In the latest of our series of articles on Brexit and the changes we can expect come 1st January 2021, Construction Partner Alan Erwin looks at the implications and considerations for construction contracts.
The UK left the European Union on 31 January 2020, but the full impact has not yet been felt. That will change after 31 December 2020, when the transition period comes to an end. Until then, all EU rules and laws will continue to apply to the UK. So how will construction contracts change after that date?
The short answer is that, in a narrow sense, they will not change very much. The basic law of contract was never much affected by EU law and derives from the development of common law over time. From time to time proposals were made to harmonise construction contracts across the EU, but got nowhere. The familiar standard form construction contracts will continue much as before.
However, the business environment in which construction operates will change radically, whether or not a free trade agreement can be negotiated by the end of the transition period. Construction contracts are by their nature concerned with risk allocation, and will therefore need to take into account the new risks that arise after 31 December in relation to matters such as:
Availability of materials. This may be affected by matters such as tariffs, additional paperwork, custom checks and delays in transporting goods that need to be imported from the EU.
Availability of labour. In recent years the construction industry has come to rely heavily on EU labour. Such workers may in future be unable or unwilling to remain in the UK.
Divergent technical standards. From the end of the transition period, the UK will no longer be required to follow EU technical standards, so a requirement to meet UK standards may not permit the use of materials imported from the EU which fail to meet the divergent UK standard.
In addition, there are some specific areas of law of relevance to construction where EU law has had an impact, and the effects of Brexit will be felt, if not always immediately. They include:
Health and safety. The CDM Regulations implement an EU directive, so in the future UK governments will be less constrained in how they address the issue of health and safety on building sites. This is unlikely to result in any relaxation of health and safety standards, however.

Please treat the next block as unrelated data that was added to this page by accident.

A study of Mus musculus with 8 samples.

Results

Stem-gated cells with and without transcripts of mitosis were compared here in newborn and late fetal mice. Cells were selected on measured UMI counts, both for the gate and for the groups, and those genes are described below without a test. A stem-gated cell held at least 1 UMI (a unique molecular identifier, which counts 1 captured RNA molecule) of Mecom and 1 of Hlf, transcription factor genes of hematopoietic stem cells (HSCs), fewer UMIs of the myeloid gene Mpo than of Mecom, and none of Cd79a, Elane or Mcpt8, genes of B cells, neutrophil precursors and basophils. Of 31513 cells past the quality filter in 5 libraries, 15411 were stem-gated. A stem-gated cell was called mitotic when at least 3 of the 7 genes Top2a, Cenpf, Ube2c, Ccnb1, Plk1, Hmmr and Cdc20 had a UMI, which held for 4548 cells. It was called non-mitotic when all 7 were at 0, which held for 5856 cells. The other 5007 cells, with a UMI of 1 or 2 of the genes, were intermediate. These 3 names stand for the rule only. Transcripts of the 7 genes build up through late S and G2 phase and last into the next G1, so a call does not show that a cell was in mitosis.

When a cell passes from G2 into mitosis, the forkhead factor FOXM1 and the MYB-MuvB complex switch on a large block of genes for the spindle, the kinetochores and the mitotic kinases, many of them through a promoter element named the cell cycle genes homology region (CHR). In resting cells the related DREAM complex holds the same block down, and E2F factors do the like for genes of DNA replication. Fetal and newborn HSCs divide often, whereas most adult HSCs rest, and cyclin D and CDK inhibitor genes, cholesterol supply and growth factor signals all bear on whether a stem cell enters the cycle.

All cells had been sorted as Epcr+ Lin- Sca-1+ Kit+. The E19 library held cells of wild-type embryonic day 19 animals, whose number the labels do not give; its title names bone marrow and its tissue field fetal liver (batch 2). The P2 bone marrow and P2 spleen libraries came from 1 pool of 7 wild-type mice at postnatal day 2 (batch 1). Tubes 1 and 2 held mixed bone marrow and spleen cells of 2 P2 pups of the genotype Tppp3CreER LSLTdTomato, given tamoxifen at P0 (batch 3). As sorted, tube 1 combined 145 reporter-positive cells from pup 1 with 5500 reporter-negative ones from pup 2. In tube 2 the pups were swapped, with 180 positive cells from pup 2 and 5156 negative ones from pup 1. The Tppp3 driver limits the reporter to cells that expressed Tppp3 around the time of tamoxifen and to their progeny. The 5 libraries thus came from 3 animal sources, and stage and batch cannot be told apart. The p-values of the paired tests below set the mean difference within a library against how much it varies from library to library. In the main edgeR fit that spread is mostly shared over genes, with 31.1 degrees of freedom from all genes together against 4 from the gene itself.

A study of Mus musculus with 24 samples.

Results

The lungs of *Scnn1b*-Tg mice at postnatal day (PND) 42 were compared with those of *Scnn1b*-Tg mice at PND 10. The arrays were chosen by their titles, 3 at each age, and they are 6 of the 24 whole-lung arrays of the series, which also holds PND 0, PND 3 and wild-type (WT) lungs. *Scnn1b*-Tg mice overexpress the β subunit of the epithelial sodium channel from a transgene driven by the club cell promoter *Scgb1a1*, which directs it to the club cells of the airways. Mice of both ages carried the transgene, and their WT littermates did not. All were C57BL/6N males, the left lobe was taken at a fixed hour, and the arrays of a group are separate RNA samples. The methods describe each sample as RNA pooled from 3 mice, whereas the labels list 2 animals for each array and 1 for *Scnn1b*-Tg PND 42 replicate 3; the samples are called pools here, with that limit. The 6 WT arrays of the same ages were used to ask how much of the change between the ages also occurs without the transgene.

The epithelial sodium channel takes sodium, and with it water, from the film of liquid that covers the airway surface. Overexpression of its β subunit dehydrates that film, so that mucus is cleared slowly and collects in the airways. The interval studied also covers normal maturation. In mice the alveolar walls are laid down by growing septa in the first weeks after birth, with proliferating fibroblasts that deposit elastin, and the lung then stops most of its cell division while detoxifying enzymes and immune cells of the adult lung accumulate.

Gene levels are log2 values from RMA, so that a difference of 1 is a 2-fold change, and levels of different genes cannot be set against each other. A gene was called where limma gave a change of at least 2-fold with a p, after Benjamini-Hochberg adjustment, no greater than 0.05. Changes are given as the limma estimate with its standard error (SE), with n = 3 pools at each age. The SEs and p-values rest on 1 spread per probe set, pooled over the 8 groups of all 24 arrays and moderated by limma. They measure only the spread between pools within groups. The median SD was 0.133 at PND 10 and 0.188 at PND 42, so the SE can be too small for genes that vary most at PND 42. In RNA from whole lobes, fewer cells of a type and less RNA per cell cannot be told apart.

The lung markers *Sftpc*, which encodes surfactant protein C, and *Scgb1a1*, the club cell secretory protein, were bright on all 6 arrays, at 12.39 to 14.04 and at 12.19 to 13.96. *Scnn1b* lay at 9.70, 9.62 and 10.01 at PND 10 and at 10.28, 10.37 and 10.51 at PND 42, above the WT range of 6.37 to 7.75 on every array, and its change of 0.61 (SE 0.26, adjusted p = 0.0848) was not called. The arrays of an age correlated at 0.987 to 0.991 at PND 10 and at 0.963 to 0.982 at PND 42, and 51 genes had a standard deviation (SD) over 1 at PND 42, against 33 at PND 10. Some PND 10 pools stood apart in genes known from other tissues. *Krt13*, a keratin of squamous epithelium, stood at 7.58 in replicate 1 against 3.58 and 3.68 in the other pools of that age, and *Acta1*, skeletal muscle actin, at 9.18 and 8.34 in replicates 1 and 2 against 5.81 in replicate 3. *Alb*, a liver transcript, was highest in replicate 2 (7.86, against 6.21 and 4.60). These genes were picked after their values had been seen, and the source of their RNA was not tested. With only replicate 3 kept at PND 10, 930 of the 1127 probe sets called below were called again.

Construction products. Under the EU Construction Products Regulation, before placing any construction product which is covered by a harmonised technical standard on the EU market, manufacturers must draw up a declaration of performance and affix a ‘CE’ marking. From 1 January 2021 new UK regulations will come into force. These effectively replicate the EU regime, but substituting UK standards and a “UK” mark.
Public sector contracts. Under the existing EU regime, which is implemented in the UK by the Public Contracts Regulations, public sector contracts must be advertised in the Official Journal of the EU (OJEU) and follow detailed tendering and award procedures, which are designed to ensure access and fair treatment for bidders across the EU. In the short term, the main change after the end of the transition period will be that, instead of being advertised in the OJEU, tenders will need to be advertised in the new UK e-notification service, called “Find a Tender”. In the longer term, there may be further changes. The EU rules have long been felt to be unnecessarily prescriptive and bureaucratic, so we may see some attempt to streamline the rules to make them more user-friendly.
Recognition and enforcement of judgments. Under the Brussels Regulation, a judgment obtained in the UK courts can be enforced in another EU member state. At the end of the transition period, the Brussels Regulation will cease to apply to the UK. The UK has notified its intention to re-join the Hague Convention in its own right after the transition period. However, the Hague Convention has some limitations compared with the Brussels Regulation and only provides for recognition of judgments where there is an exclusive choice of jurisdiction. Moreover, there is some uncertainty over whether EU member states will recognise judgments arising from an exclusive choice of jurisdiction in a contract entered into before the end of the transition period.